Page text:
Energy Blog

Petrophysical techniques for unconventional analysis in the Permian Basin




The Wolfcamp Formation within the Permian basin and each of its shale benchmarks provides an excellent example of how we can use petrophysical data to gain insight into where an asset holds its current value, and how much potential it may have for future further development. The Wolfcamp is a very thick formation throughout the Permian, with variable lithology. In order to carry out a detailed Petrophysical analysis, it is better to break thick formations up into smaller zones or benches for more detailed analyses. 

Defining Wolfcamp Benches

Figure 1: Type log for the Wolfcamp section of the Midland Basin taken from the Clinton Oil #2 O.L. Greer Well. Data from IHS Energy (2016) and Baumgardner, et al (2014)

Figure 2: NW-SE Cross Section through Midland, Reagan and Glasscock Counties with Wolfcamp Benches

By utilizing petrophysical models, log calculations, and cross plotting methods, integrated with available well and log data spanning the Texas counties of Midland, Reagan, and Glasscock, an accurate assessment can be made of the area’s key reservoir characteristics and its hydrocarbon potential.

Utilizing a modified Δ Log R Technique to Identify Organic Shale Potential

Considering a series of assumptions delineated and validated from previous research methods:

  •          organic-rich sediments have a higher resistivity than organic-lean sediments
  •          organic-rich rocks decrease in sonic transit time and increase in resistivity
  •          organic-rich rocks can have a higher gamma-ray reading than ordinary shale and limestone

Keeping these assumptions in mind, the total organic carbon (TOC) of the Wolfcamp shale throughout this area can be isolated by using log calculations and cross plotting techniques focused on a modified Δ log R method that incorporates sonic vs. resistivity data (modified after Passey, 1990).

The Modified Δ Log R Workflow

  • Calculate LogR of resistivity Logs
    • You can accomplish this utilizing the following calculation: LogR=LN(R)
  • Crossplot LogR vs Sonic (DT)
  • Determine the low Resistivity Shale Line from Cross Plot

Figure 3: LogR vs Sonic (DT) Crossplot highlighting the low resistivity shale line as well as B and M constants gained from the generated shale line. 

  • Calculate New Sonic Logs from variables generated from the Low Resistivity Shale Line
    • DtR=B-M*LOGR

Figure 4: B and M constants gained from the generated shale line. 

  • Overlay Pseudo-Sonic DtR over Sonic in X-Section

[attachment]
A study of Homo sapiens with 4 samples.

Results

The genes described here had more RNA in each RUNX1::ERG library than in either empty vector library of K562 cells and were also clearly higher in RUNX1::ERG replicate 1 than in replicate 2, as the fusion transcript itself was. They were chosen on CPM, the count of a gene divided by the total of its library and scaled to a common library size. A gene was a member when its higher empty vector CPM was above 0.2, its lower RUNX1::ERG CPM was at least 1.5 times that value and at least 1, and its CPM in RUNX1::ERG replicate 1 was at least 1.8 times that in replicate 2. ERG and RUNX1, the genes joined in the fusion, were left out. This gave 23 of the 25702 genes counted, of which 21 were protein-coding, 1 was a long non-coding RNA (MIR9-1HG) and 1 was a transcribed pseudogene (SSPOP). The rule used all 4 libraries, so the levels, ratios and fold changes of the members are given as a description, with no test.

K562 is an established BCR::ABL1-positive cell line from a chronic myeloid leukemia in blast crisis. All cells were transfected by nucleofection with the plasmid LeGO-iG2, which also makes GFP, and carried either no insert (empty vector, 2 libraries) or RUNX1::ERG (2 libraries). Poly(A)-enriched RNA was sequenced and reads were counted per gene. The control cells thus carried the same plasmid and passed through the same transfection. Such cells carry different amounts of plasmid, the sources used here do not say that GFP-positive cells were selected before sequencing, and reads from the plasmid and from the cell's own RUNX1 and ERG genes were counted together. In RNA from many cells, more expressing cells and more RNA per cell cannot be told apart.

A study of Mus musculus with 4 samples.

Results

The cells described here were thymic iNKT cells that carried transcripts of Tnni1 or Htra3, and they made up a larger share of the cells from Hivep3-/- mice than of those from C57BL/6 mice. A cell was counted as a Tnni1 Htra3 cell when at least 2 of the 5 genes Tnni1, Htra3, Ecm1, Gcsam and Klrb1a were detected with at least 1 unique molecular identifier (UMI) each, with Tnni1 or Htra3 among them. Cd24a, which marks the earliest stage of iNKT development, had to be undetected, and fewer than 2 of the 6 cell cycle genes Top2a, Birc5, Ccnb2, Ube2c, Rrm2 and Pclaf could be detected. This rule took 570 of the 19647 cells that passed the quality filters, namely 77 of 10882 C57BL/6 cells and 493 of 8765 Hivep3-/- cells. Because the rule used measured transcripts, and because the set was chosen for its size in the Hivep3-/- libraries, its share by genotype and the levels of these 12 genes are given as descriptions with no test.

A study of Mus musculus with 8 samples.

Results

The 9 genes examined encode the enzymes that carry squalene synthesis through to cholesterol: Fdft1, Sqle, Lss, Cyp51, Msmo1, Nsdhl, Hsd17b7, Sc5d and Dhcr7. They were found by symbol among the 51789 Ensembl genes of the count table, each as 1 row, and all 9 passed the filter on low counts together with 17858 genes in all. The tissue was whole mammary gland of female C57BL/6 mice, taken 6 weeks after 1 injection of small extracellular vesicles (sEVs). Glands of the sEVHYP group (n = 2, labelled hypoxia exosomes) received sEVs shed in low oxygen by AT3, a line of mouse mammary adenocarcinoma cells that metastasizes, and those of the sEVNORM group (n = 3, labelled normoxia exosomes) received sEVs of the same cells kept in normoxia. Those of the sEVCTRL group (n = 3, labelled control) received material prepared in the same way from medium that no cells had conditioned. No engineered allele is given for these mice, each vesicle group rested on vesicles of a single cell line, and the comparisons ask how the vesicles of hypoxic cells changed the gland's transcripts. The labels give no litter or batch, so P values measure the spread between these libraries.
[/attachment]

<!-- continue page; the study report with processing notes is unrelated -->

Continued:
• Highlight the crossover of Pseudo-Sonic with DT in order to interpret shale in section. 

Figure 5: NW-SE Cross Section through Midland, Glasscock, and Reagan counties showing Pseudo-Sonic DtR over Sonic in Track 2. Circled areas in the lower Wolfcamp benches show higher potential for TOC than higher benches in this area

Basic Petrophysical Techniques for Reservoir Characterization

Petrophysical Log Curves for porosity, volume of shale, permeability, and water saturation can then be calculated and generated from available log curve data utilizing the IHS Markit Kingdom application. These additional calculated values will allow for further assessment of potential for the area. These generated log curves are utilized in a zone analysis to calculate the water saturation and porosity for each Wolfcamp bench throughout Midland, Glasscock and Reagan counties.

Figure 6: Well sample locations. 

Figure 7: Average Porosity calculated at each WFMP bench. 

Figure 8: Average Water Saturation calculated at each WFMP bench.

Figure 9: Calculate Porosity from Density and Sonic log curves

Figure 10: Calculate Water Saturation using a Dual Water Model

Using the modified Δ log R method, the logs for wells in this area indicate that the Wolfcamp shale benches appear to have good TOC, and therefore, are prospective for hydrocarbon production. Attribute maps of generated porosity and water saturation values throughout the area show an increase in porosity with each subsequent Wolfcamp bench and variable water saturation throughout the Wolfcamp zone, displaying fluid distribution trends. Further analysis of petrophysical log curve data incorporated into area Cross Sections clearly highlights potential pay zones.

Learn the results of these techniques used for unconventional analysis or request a demo of our software solutions.

Rachael Moreland is a Technical Advisor at IHS Markit. 
Posted 20 June 2017

About The Author

Rachael Moreland began her career in Geology with IHS Markit in 2012, shortly after graduating from Hanover College, with a degree in Geology and a degree in Neuroscience. In her current role as a Technical Advisor, she works with both the Kingdom and Petra software, as a hybrid Geologist, demonstrating integrated workflows to both current and potential users, wishing to optimize their exploration needs. Rachael’s background is in structural geology, geochemistry, petrophysics, field mapping, and interpretation.